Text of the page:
When the Rabbis saw how things were going, they too raised their voices and shouted: “Praised be the Prophet! Hail to thee, O Nazarene!”
“All is won!” whispered the disciples, crowding up together. “Even the Rabbis shout!”
The Rabbis, however, had quickly sent for the police; they came up to Jesus and, as soon as the crowd became quieter, entered into conversation with Him.
“Master,” said one of them, “truly you appear at the right time. The condition of our poor people is such that we know not which way to turn. You are the man who turns aside neither to right nor left, but who keeps in the straight path of justice. Tell us what you think: Shall we Jews pay taxes to the Roman Emperor or shall we refuse?”
Jesus saw what they were driving at, and asked to be shown a coin. They were surprised that He had no money in His pockets, and handed Him one of the Roman coins current in the country.
“From whom do these coins come?” He asked.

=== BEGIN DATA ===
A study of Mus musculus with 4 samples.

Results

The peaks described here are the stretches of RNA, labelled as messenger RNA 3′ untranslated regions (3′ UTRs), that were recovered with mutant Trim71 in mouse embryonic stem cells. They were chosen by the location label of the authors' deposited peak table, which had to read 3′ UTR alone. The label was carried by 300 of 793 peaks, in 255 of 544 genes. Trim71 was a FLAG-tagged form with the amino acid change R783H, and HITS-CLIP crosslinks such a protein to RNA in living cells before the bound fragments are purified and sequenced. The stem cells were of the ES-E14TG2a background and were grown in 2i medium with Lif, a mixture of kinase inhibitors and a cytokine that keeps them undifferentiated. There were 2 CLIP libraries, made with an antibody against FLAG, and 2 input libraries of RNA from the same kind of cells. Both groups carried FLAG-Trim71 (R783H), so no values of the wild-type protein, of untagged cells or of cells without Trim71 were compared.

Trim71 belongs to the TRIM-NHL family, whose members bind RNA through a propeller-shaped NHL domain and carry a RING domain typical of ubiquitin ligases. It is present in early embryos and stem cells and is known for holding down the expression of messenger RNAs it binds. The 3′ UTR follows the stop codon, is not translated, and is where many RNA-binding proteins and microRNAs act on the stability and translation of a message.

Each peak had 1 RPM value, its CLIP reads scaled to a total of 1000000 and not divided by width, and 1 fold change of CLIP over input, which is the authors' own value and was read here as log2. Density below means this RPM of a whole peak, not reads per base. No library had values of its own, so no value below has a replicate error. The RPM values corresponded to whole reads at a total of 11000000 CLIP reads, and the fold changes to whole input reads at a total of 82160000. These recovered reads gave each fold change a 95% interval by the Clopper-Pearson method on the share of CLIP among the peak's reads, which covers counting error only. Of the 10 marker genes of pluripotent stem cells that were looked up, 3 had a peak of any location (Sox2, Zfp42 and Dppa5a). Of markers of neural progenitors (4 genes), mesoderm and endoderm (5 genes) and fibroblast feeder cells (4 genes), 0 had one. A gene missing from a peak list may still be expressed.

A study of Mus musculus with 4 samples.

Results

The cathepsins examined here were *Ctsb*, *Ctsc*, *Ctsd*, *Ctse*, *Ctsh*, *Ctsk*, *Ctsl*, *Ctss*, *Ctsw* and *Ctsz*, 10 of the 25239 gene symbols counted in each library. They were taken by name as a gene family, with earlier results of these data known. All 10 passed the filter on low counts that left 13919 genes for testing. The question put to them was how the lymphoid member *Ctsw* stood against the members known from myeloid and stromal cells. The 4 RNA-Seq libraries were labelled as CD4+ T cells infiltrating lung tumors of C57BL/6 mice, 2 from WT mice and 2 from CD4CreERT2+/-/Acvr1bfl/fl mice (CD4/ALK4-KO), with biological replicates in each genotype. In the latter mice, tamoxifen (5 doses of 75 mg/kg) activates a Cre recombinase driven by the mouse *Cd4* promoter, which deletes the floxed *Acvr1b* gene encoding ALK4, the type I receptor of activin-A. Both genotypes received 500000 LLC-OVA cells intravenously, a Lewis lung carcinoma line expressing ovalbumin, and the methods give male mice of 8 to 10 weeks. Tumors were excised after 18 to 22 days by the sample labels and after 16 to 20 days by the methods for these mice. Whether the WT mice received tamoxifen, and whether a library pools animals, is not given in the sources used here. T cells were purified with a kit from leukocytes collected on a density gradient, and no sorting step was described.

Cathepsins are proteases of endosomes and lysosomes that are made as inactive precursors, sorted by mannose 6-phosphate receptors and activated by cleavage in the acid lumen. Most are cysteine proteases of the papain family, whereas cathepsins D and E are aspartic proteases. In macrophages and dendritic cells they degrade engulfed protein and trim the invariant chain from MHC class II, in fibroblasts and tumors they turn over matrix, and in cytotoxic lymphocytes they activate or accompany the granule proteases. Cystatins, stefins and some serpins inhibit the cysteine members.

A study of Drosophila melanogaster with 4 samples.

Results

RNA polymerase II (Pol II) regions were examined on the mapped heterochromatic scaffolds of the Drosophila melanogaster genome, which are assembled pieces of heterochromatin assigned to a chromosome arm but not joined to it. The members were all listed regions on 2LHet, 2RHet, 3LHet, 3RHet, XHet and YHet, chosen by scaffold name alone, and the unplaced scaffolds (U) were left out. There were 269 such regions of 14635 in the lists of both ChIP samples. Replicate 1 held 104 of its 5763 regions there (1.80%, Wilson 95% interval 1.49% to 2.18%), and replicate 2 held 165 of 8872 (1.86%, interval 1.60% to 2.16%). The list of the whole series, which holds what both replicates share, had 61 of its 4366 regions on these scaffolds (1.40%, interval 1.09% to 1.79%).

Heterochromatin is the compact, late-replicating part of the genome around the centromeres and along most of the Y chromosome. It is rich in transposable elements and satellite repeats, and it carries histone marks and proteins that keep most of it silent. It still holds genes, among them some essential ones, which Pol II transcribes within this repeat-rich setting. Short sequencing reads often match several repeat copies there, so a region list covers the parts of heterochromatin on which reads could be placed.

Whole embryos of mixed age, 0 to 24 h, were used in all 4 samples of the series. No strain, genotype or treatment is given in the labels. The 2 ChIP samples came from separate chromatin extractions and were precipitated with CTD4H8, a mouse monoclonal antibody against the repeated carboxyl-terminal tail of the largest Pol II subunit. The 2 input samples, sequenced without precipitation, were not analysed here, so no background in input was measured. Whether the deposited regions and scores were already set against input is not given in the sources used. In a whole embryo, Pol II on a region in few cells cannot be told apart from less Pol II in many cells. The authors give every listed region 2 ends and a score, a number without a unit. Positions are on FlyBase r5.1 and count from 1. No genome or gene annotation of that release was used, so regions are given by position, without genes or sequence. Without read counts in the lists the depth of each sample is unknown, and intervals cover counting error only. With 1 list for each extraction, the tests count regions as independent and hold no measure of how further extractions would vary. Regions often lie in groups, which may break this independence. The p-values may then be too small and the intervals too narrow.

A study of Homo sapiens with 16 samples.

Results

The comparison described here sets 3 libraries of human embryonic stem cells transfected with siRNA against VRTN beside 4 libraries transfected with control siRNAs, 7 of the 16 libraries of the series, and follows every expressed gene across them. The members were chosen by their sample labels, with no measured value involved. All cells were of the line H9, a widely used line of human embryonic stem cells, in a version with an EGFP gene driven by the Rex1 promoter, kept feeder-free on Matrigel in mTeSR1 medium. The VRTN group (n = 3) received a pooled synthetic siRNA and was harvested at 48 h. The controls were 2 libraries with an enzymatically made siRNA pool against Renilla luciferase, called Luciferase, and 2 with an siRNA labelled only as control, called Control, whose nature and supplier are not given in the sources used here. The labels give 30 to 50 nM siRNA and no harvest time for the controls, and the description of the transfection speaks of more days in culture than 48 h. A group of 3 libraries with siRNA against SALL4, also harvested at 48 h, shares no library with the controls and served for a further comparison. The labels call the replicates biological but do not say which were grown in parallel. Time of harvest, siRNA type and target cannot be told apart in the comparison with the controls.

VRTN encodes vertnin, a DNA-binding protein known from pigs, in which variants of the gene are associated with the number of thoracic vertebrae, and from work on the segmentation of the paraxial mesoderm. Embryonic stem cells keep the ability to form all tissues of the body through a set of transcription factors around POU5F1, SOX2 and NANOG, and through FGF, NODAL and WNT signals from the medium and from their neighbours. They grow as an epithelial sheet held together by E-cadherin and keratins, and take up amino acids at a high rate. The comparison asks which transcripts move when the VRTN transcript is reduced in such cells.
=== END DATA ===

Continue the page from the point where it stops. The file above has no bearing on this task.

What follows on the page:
“As you see, from the Roman Emperor.”
“And whose picture is on the coin?”
“And whose is the inscription on the coin?”
“Whose is the coin?”
They were silent.
Jesus said: “Render unto God what comes from Him, and unto Caesar what comes from Caesar.”
Those who saw through the case broke out into applause and shouting over the decision, and carried the crowd with them. The Rabbis were secretly furious that He had escaped their cunning snare. They had reckoned: If He says, Pay taxes to the Roman Emperor, the people will know that He is not the Messiah but rather a servant of the foreigner. And if He says, Do not pay taxes to the Emperor, He is a demagogue, and will be taken prisoner. But now He has both Emperor and people on His side, and we must let Him alone.
“Everything is going splendidly,” the disciples whispered. “They ask His advice, they will do nothing without Him.”
The interpreters of the Law had got Him in their midst, and could not rest till they outwitted Him. So one of them asked Him: “Oh, man of great wisdom, do you believe that there will be a resurrection of the dead?”
“There will be,” He answered.
“That marriage between man and woman is indissoluble, and that a woman may only have one husband at a time?”
“That is so.”
“And that after the death of one the other may marry again?”